10 cool things virtualization lets you do

If you haven’t tried virtualization yet it's about time you did.

By Keir Thomas, PC World |  Virtualization, desktop virtualization, vdi

Got an application that won't play nice in Windows 7 or Vista, but works fine in XP or an even earlier version of Windows, like Me? Just grab an old Windows CD and install it within a virtual machine (VM). Then install your app.

VMware Player features Unity mode, which allows applications running in the virtual machine to appear as if they're running natively on the host computer. They have their own taskbar buttons and their own program windows, making for a seamless experience. For this to work, however, you'll need to install the VMware Tools program on the virtualized operating system. You're usually prompted to do this after installation of the OS has finished.

2. Access Virus-Infected Data

Ever been sent a file that your antivirus program has flagged, but which contains important data you just have to view? Most virtualization software includes snapshot functionality, which means you can create a "saved state" of the virtual OS and its entire hard disk. It's a little like travelling back in time.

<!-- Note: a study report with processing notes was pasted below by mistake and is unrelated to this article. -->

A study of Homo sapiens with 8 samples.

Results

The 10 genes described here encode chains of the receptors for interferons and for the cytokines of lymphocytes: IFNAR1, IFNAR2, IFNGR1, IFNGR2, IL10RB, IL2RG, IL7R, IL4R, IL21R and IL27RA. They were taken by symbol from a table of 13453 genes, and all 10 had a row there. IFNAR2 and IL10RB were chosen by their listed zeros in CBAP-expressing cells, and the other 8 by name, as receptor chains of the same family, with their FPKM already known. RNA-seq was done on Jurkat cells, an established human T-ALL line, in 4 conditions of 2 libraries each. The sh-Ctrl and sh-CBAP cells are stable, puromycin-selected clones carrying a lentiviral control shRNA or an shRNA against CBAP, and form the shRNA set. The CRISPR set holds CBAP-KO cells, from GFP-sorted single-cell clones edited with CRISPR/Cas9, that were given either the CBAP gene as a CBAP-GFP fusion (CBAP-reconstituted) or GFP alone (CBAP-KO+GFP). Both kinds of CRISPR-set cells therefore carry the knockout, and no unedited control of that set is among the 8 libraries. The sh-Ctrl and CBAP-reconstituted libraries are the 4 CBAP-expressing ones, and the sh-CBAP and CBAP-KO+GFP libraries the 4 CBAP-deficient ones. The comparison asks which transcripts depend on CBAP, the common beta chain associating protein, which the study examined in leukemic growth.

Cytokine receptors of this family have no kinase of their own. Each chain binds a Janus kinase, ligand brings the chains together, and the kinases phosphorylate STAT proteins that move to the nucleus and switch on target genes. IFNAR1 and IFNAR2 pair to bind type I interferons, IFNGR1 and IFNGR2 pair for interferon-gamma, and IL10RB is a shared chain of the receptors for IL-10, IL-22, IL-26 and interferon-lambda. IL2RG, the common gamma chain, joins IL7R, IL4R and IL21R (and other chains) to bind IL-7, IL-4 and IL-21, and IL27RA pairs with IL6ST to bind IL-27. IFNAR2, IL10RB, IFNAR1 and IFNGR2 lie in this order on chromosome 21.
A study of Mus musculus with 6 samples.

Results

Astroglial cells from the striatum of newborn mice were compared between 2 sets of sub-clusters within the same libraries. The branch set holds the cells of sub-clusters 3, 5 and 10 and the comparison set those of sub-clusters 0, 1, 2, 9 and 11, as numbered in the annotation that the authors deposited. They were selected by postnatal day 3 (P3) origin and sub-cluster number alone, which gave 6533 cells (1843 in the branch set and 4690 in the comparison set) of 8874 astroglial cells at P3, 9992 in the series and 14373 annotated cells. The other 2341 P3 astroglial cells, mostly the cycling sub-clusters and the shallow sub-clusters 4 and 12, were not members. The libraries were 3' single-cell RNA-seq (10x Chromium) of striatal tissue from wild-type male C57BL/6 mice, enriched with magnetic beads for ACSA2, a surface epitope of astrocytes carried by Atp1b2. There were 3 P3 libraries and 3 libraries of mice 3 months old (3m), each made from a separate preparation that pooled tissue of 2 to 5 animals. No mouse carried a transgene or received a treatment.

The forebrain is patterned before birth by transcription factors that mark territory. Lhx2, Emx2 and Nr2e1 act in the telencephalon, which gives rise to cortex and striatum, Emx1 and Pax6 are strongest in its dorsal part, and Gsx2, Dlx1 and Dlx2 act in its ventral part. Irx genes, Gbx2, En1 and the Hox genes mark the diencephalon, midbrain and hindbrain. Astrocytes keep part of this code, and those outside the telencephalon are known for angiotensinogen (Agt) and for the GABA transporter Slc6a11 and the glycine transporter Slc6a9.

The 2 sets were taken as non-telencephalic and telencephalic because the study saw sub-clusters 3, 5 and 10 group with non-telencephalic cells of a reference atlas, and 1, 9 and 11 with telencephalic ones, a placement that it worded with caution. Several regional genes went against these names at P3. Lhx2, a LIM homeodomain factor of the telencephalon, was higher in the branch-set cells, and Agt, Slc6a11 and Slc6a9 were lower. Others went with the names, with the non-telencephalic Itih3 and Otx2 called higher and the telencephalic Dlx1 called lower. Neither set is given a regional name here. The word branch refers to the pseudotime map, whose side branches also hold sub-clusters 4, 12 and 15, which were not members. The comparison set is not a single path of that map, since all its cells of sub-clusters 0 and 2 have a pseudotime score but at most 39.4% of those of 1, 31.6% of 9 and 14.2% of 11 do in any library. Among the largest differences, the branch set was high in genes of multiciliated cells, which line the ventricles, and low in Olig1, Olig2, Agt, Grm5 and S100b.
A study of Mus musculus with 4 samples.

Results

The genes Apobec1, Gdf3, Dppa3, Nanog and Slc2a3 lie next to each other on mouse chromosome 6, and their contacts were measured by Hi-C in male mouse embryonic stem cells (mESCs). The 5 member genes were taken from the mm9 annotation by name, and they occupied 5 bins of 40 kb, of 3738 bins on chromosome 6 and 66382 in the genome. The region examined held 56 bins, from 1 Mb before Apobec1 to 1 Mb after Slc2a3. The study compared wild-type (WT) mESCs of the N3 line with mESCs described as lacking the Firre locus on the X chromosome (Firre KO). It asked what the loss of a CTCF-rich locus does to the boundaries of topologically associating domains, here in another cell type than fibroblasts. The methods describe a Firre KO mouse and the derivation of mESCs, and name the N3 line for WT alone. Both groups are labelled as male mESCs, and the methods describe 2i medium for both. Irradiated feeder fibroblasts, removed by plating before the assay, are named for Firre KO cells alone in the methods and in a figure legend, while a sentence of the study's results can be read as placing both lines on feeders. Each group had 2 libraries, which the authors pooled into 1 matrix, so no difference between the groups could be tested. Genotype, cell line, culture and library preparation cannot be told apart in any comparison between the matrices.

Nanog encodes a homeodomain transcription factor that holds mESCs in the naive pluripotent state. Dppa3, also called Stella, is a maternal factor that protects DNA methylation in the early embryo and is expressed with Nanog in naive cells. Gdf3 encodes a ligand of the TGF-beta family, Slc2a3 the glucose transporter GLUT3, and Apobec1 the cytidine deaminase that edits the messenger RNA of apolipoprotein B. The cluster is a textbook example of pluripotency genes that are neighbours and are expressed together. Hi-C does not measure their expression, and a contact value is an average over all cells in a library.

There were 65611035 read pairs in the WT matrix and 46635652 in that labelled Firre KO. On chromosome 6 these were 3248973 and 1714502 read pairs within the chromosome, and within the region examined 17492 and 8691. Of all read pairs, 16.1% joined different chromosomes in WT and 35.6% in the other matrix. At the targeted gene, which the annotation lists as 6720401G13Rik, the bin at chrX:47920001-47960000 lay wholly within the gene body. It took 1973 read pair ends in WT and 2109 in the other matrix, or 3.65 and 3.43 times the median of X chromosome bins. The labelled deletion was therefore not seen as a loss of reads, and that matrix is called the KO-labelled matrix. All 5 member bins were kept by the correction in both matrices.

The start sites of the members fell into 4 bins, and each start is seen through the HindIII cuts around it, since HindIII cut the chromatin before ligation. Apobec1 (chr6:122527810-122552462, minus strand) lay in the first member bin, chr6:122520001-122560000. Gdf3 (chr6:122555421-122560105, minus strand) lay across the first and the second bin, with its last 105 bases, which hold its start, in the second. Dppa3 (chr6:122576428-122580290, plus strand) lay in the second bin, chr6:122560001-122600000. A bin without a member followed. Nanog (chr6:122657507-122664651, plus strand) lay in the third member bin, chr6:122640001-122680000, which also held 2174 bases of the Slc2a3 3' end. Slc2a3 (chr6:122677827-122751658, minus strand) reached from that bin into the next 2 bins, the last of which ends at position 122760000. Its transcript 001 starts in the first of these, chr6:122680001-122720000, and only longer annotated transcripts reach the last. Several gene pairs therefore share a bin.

You could create a snapshot in the virtual machine, open the infected file within the VM to access the data and, if the virus causes chaos, simply click to restore the VM snapshot. Hey presto--a clean virtualized computer.

3. Browse in Complete Safely

Why not install Windows on VMware Player, then install Firefox, and run it in Unity mode so it appears to run natively on the host computer?

Essentially Firefox will be running in what's known as a sandbox, meaning that should it (or one of its plugins) get hacked while you're online, there'll be no absolutely no risk to your actual operating system. You could create a snapshot once everything's been configured in the virtual machine in order to get things back up and running quickly, should anything go wrong.

4. Test Software, Upgrades, or New Configurations

The virus testing technique above isn't limited to malware. You could use your virtual computer to test new software, updates, or even new configurations of software before you roll them out for real on your main OS.


Originally published on PC World |  Click here to read the original story.